Occurrence In Food

It is not possible to obtain an absolute accounting of the rate of occurrence of violative veterinary drug residues in human food. The violation rate can depend greatly on not only the specific residue and matrix, but also on the number of samples analysed and the type of methodology utilized. Nevertheless, the results from several monitoring programs can be informative in evaluating the overall scope of the issue.

In the U.S., one monitoring program for veterinary drug residues in meat products is administered by the Food Safety Inspection Service of the U.S. Department of Agriculture (FSIS/USDA). Tissue from many production classes of cattle, swine, lambs, goats and poultry are tested for a variety of residues. The results from this program are published in the FSIS/USDA Red Book [208]. In 2004, over 3,000 tests were performed for antibiotic residues and 38 violations were recorded. Violative residues of penicillin (6), tilmicosin (3), neomycin (25) and gentamicin (4) were found; many of these occurred in veal products. In addition to these tests, a similar number of tests were performed for sulfonamide residues. Five sulfonamide violations were found in hogs, veal and turkey. Over

1.000 samples were analysed for chloramphenicol in cows, veal and poultry, but no residues were found.

The National Milk Drug Residue Database is maintained by the U.S. FDA's Center for Food Safety and Nutrition in cooperation with state governments in the U.S. This database reports the results from a voluntary industry-reporting program. Samples are obtained from milk pick-up tanks, pasteurized fluid milk and milk products and analysed for drug residues using rapid test kits. In the 2003 report [209], over 4 million samples were analysed. Many of these tests were for b-lactam residues and the most violations, approximately 3,000 (<0.1%), were found for these residues. Sulfonamide residue tests were performed over 66,000 times and 23 positive samples were found. A few non-compliant residues of tetra-cyclines and aminoglycosides were also detected in a limited number of samples.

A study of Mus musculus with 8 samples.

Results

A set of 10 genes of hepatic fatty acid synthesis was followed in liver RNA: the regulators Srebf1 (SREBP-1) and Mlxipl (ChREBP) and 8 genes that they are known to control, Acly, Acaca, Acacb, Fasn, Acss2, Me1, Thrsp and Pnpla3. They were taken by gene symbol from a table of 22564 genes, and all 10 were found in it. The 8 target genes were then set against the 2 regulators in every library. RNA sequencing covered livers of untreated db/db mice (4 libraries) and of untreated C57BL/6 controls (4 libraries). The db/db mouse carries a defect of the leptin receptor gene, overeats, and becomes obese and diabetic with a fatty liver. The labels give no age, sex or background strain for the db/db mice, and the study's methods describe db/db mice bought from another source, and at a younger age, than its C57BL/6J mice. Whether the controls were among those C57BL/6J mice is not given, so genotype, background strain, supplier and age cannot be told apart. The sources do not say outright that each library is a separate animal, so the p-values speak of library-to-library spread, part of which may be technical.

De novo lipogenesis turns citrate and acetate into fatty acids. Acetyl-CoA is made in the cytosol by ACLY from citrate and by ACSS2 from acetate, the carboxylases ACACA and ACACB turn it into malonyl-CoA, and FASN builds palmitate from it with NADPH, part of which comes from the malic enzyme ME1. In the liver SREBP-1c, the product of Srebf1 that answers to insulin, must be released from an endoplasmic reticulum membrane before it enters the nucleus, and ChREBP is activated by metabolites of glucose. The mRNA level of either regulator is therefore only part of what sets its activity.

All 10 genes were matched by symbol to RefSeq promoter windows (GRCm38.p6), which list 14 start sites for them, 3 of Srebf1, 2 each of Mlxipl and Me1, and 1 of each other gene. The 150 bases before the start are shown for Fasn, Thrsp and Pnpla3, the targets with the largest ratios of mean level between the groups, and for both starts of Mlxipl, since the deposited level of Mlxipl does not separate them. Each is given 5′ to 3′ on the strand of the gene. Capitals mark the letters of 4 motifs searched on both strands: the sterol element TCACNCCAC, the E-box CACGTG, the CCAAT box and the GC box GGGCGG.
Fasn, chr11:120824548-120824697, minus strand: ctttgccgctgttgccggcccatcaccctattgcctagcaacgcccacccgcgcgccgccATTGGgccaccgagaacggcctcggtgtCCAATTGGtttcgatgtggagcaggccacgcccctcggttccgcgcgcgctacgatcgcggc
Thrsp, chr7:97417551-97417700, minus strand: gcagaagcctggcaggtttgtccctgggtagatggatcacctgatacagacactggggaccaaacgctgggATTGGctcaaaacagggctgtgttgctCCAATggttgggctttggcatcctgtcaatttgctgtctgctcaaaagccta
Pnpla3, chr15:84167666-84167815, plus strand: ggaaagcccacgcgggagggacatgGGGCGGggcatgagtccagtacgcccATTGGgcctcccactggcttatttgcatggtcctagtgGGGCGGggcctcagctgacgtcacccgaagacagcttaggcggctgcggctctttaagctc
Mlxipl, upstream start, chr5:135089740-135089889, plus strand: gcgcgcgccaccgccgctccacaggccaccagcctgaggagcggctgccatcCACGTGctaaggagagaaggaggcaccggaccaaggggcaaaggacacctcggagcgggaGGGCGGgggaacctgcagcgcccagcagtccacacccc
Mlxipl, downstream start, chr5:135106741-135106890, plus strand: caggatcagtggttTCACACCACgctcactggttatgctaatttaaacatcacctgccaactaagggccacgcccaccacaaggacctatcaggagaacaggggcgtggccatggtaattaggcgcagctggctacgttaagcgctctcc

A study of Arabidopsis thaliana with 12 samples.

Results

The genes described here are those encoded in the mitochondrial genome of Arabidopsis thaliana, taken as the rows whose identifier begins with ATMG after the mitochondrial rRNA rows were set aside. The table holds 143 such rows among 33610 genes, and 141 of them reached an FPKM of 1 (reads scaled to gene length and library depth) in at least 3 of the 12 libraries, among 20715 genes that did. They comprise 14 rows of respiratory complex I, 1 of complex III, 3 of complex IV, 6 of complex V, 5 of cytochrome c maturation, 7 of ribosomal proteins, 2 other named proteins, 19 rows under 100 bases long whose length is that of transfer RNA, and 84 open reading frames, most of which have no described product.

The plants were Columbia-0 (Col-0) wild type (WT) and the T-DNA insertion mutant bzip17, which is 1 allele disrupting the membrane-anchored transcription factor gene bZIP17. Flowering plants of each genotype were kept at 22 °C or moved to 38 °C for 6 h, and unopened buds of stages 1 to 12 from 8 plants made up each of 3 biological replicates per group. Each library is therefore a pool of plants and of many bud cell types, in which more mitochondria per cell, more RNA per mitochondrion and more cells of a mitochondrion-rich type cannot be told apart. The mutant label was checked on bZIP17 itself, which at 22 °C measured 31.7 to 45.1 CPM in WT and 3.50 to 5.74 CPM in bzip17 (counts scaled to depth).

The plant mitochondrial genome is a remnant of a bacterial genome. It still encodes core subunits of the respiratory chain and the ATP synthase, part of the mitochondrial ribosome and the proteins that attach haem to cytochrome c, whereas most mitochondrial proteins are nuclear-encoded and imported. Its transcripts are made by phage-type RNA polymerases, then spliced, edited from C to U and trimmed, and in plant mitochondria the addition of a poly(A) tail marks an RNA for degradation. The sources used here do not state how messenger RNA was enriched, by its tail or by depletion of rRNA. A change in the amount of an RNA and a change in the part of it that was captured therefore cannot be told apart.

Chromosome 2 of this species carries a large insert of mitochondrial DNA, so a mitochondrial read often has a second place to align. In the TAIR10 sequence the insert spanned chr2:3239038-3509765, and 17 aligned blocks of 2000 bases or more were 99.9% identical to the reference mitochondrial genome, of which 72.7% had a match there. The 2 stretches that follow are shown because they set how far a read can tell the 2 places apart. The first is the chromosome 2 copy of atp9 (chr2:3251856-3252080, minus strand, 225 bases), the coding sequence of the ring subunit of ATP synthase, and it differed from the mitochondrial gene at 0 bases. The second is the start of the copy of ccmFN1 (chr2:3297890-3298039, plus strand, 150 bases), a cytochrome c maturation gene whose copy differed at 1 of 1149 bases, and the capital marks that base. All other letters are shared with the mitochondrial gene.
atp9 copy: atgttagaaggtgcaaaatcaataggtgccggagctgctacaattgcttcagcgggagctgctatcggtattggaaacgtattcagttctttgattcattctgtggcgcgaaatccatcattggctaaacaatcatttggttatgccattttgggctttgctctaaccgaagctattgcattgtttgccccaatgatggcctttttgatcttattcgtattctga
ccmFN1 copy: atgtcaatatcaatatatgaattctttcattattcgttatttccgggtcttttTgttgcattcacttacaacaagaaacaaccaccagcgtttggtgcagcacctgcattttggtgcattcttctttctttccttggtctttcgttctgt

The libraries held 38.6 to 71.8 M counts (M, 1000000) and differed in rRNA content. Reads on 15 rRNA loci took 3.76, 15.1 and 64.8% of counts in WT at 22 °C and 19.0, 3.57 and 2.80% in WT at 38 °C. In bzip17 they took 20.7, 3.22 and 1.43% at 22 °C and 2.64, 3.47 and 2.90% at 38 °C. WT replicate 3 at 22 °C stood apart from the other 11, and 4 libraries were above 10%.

A Canadian total diet study monitoring veterinary drug residues in fish and seafood was conducted over a period of more than 10 years [210]. This study examined 30 samples of shrimp, marine fish, fresh fish and canned fish. The products were analysed for 39 different drug residues and 9 positive samples were found. The most common violations were for quinolone and nitrofuran metabolite residues in shrimp; leucomalachite green and chloramphenicol residues were also present.

The EU conducts an extensive residue-monitoring program; the results from the 2004 program have been posted [211]. This report includes residue-monitoring data from 25 countries (member states). In 2004, approximately 807,000 targeted samples and 64,000 suspect samples were tested. In addition to antibiotics testing, samples were also monitored for hormones and other veterinary drugs. Many types of food matrices were part of this program, including milk, eggs, honey, aquaculture and meat products. Residues of prohibited substances such as chloramphenicol and nitrofurans were found to be violative at a rate of approximately 0.11%. Residues of malachite green were found in aquaculture products from many of the member states. The violation rate for antibiotics was 0.22%. There were a few violative results for other drugs such as tranquilizers and NSAIDs and the incidence of coccidiostat residues in eggs was highlighted as a continuing problem.